Jul. 24—Rising country artists Allie Colleen and Carter Winter come from quite different backgrounds, but they have one crucial passion in common: storytelling.
"When it comes to country songs, I love stories; that's the biggest thing to capitalize on," Oklahoma native Colleen said. "I'm always hoping that people can settle down for as short as 3 minutes and 20 seconds and sit with a narrative ... I know there are a lot of things people are dealing with, and they don't always have time to sit down and devote time to that anxiety [via music]."
"With the stories that I like to tell, I think my music pays homage to the classic and traditional country music that I grew up loving," Ohio native Winter added.
These two emerging musicians will join forces Tuesday, July 27, at The Outlaw Saloon for a concert benefiting Yola's Pet Rescue of Cheyenne and Wyoming Professional Rodeo Cowboys Association cowboy JR Vezain, who suffered a freak bareback riding accident in 2018 at a late regular-season rodeo. The accident left him paralyzed from the waist down, and a portion of ticket purchases will go toward helping Vezain buy prosthetic legs.
Colleen, who just released her debut album, "Stones," in April, first connected with Winter when he was looking for someone to sing a potential single with. His friend Trafton Harvey had just written the track, titled "I Love Like I Drink," and he thought it would work perfectly for Winter's voice, but it also needed a female vocalist for the full effect.
Winter was introduced to the song right after his last CMA Fest performance two years ago. He woke up to a text message from Harvey that read "Carter Winter hit?" with an audio file, and Winter had no idea what to expect (especially because Harvey's been known to send him silly songs such as "Duct Tape and Jesus").
To his surprise, he immediately fell in love with the song.
"I resonated with every line, and I started playing it and kind of making it my own," Winter said. "And I heard Allie — maybe through our guys at [media and production company] Country Rebel, because they posted a video — and I just loved her voice. So I hit her up."
As soon as she gave it a listen, Colleen was in.
"To hear something as country and timeless of a duet as this is, it's so reassuring because I don't think country music uses male-female duets how it should anymore," she said. "Then, to top all that off, and have Carter be the one I get to sing with on it is the sugar on top."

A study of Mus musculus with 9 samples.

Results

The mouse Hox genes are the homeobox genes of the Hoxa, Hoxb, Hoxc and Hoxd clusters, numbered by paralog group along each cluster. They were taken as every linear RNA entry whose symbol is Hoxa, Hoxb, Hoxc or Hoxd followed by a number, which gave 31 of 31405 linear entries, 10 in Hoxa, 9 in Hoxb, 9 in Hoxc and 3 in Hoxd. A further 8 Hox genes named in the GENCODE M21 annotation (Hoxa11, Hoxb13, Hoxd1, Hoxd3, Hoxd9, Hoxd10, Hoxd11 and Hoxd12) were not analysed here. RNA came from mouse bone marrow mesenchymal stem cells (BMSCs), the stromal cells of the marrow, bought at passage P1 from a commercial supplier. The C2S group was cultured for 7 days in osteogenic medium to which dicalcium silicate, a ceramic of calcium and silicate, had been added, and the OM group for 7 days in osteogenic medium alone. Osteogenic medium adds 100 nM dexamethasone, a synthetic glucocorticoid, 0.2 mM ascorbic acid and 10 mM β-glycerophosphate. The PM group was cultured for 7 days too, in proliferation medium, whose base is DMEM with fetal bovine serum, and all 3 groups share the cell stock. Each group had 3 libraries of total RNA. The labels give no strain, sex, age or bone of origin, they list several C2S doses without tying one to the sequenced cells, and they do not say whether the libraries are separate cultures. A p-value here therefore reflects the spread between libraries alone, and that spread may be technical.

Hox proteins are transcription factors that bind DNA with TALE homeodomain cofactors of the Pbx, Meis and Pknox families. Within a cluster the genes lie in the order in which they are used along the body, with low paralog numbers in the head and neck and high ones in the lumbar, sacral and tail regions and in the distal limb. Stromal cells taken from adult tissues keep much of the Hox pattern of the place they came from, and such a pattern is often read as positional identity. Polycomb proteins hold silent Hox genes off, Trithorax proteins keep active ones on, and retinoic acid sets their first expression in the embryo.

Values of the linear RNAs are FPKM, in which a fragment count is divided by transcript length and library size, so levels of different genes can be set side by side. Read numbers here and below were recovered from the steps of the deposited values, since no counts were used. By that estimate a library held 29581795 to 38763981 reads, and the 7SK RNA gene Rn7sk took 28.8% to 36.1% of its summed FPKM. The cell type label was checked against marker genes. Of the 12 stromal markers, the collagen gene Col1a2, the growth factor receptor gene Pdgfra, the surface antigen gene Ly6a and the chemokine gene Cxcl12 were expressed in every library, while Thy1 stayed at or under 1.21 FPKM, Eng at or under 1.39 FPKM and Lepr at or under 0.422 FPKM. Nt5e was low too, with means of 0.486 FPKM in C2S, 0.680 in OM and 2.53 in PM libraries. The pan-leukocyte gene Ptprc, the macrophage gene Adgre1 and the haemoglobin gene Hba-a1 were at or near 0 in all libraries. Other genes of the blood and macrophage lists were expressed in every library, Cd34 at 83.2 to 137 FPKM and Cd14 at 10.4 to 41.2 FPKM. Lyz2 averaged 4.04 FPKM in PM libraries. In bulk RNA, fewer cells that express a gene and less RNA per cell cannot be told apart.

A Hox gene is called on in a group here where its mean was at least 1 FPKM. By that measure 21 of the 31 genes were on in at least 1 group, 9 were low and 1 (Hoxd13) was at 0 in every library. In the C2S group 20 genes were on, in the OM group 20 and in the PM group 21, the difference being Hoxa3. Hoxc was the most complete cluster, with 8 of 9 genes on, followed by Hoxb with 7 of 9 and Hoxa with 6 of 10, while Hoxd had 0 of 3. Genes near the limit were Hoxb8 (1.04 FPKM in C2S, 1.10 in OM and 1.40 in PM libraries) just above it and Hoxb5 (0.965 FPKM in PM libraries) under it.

"I just think it's that classic country, the traditional kind of jukebox song that I grew up loving to listen to," Winter added. "And I feel like she has that style in her voice."
Neither Winter nor Colleen have performed in Cheyenne before, so they agree that being able to play this song for its first non-Nashville audience — especially during Cheyenne Frontier Days — is a dream. Each artist will take a turn playing some of their own music at the concert, then will come together for "I Love Like I Drink" and a few covers.
The past year has defined these two musicians' careers — Colleen with her debut album and Winter with his decision to finally move to Nashville — so Cheyenne audiences will be seeing them at a pivotal moment.
Winter said he's grown a great deal from his big move, and one lesson he's learned is to be careful who you trust in the music industry. He's thankful that he took his time getting to know people on trips to Music City before picking up his life, and he wants musicians interested in doing the same to stop and question if they're ready to go all in.
"You have to be really comfortable and passionate about who you are and what you want to do, because a lot of people are going to want to push you and pull you in one direction or another," he said. "Don't sign any deals unless you really know what's going on."
Colleen has also taken her time building up the right relationships to succeed in the music industry. Her team is currently just her and her publicist, but the pair have worked tirelessly to promote her on social media, book the right shows and work with a label that ensures her creative control.
She admitted that it would save her a lot of time to have someone with strategic brand building experience, particularly online, so that's a goal for the coming year.
"It's hard for me to push something out [online] more than once. Someone has to remind me that only 12,000 people saw that out of your 46,000 followers," she said. "I'm like, 'That feels like shoving stuff down people's throats' ... but right now everything is just me and Bev, and we're loving it and learning new things every day."
Colleen worked on defining her own sound and all-around identity as a creator for a solid four years before going into business with anyone, and she has no regrets.
"We wanted to make sure that our soul and songs and everything that comes with being a woman in this industry — we wanted to make sure all of that was locked down before we started inviting people in," she said. "I do have so much control over my career. I don't show up to sound check asking what we're doing; nobody has to catch me up. I know what's happening, and it's very beneficial."
Niki Kottmann is the Wyoming Tribune Eagle's features editor. She can be reached at email@example.com or 307-633-3135. Follow her on Twitter at @niki_mariee.